David Earl Johnson, LICSW

3 minute read

[’Complicated Grief’ Goes Beyond Depression][1]

Researchers estimate that 10 percent to 15 percent of the surviving relatives of people who die naturally experience complicated grief, Prigerson said. She said people who lose someone they were emotionally dependent on are at greatest risk.

She is working to get the disorder recognized in the American Psychiatric Association’s next edition of the Diagnostic and Statistical Manual of Mental Disorders. The next DSM-V will be published in 2012. Dr. Michael First, a Columbia University psychiatry professor and member of a committee that will decide what goes into the DSM, said the panel will consider whether complicated grief merits its own designation. “From what I’ve seen so far, it’s certainly not an off-the-wall suggestion,” First said. He said doctors see patients all the time, especially the elderly, who never get over the death of a loved one.

Dr. Richard Glass, a psychiatry professor at the University of Chicago and deputy editor of the Journal of the American Medical Association, said studies have shown that people suffering from complicated grief do not meet the criteria for depression or post-traumatic stress, although some of the symptoms overlap. “The evidence so far indicates that there really is something different here,” Glass said.

The most recent study, published Tuesday in JAMA by Shear and her colleagues at the University of Pittsburgh, examined different ways to treat complicated grief. Researchers found that 51 percent of patients treated with a therapy developed just for the symptoms of complicated grief showed improvement. So did 28 percent of complicated grief sufferers who underwent a treatment commonly used for depression.

Golebiewski, 56, of North Fayette, was given the therapy for complicated grief as part of the study. It included being tape-recorded while he talked about his daughter’s life and death, then listening to those recordings. He said after listening to the tapes repeatedly, he developed ways of dealing with those feelings. “I was able to visualize her again in life and as happy as she was and the cheerful person that she was,” he said. “I was able to see her there in that context.”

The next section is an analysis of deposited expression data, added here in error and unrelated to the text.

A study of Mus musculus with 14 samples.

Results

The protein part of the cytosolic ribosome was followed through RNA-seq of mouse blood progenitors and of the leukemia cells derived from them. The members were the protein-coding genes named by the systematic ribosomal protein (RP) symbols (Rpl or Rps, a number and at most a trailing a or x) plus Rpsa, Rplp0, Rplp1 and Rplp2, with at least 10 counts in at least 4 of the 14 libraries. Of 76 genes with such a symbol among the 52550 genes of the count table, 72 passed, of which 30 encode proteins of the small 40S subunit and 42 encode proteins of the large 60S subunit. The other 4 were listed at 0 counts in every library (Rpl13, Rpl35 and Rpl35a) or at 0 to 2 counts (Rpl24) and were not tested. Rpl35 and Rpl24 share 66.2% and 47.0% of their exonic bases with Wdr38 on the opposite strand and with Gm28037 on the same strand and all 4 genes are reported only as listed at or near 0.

Out standing research has documented our innate ability to help ourselves recover from grief. I believe people have the ability to facilitate recovery from many mental health disorders. The problem is that we create many obstacles that prevent our natural ability to recover from working as it should. For many years, grief groups have shown their effectiveness. One of the natural processes that emerge from these groups is that each member to review their thoughts and feelings about their losses repeatedly throughout their treatment. The group, with the help of a therapist, helps the member identify recurrent themes in their stories that suggest strategies to better cope with their feelings. This emotional process facilitates changing the memories about the loss, so that when inevitably, the survivor remembers their loss again, they remember the healing thoughts and feelings as well.

A similar process may be helpful recovery from memories caused by singular traumatic events. However, there are other issues in post-traumatic stress that need attention as well. The biggest obstacle to recovery from grief is denying or avoiding the thoughts and feelings that come with the memories. It is not possible to just forget something so emotionally important to us. Sometimes our lives interfere and limit the time we have to grieve. At other times, some believe it’s best not to think about it. It’s very important that we set aside a significant amount of time, preferably daily to devote to recoverying from grief. A photo album, sorting through the belongings of our loved one, as painful as it is, can be very helpful. If such efforts are not helpful, the help of a qualified mental health professional may be necessary.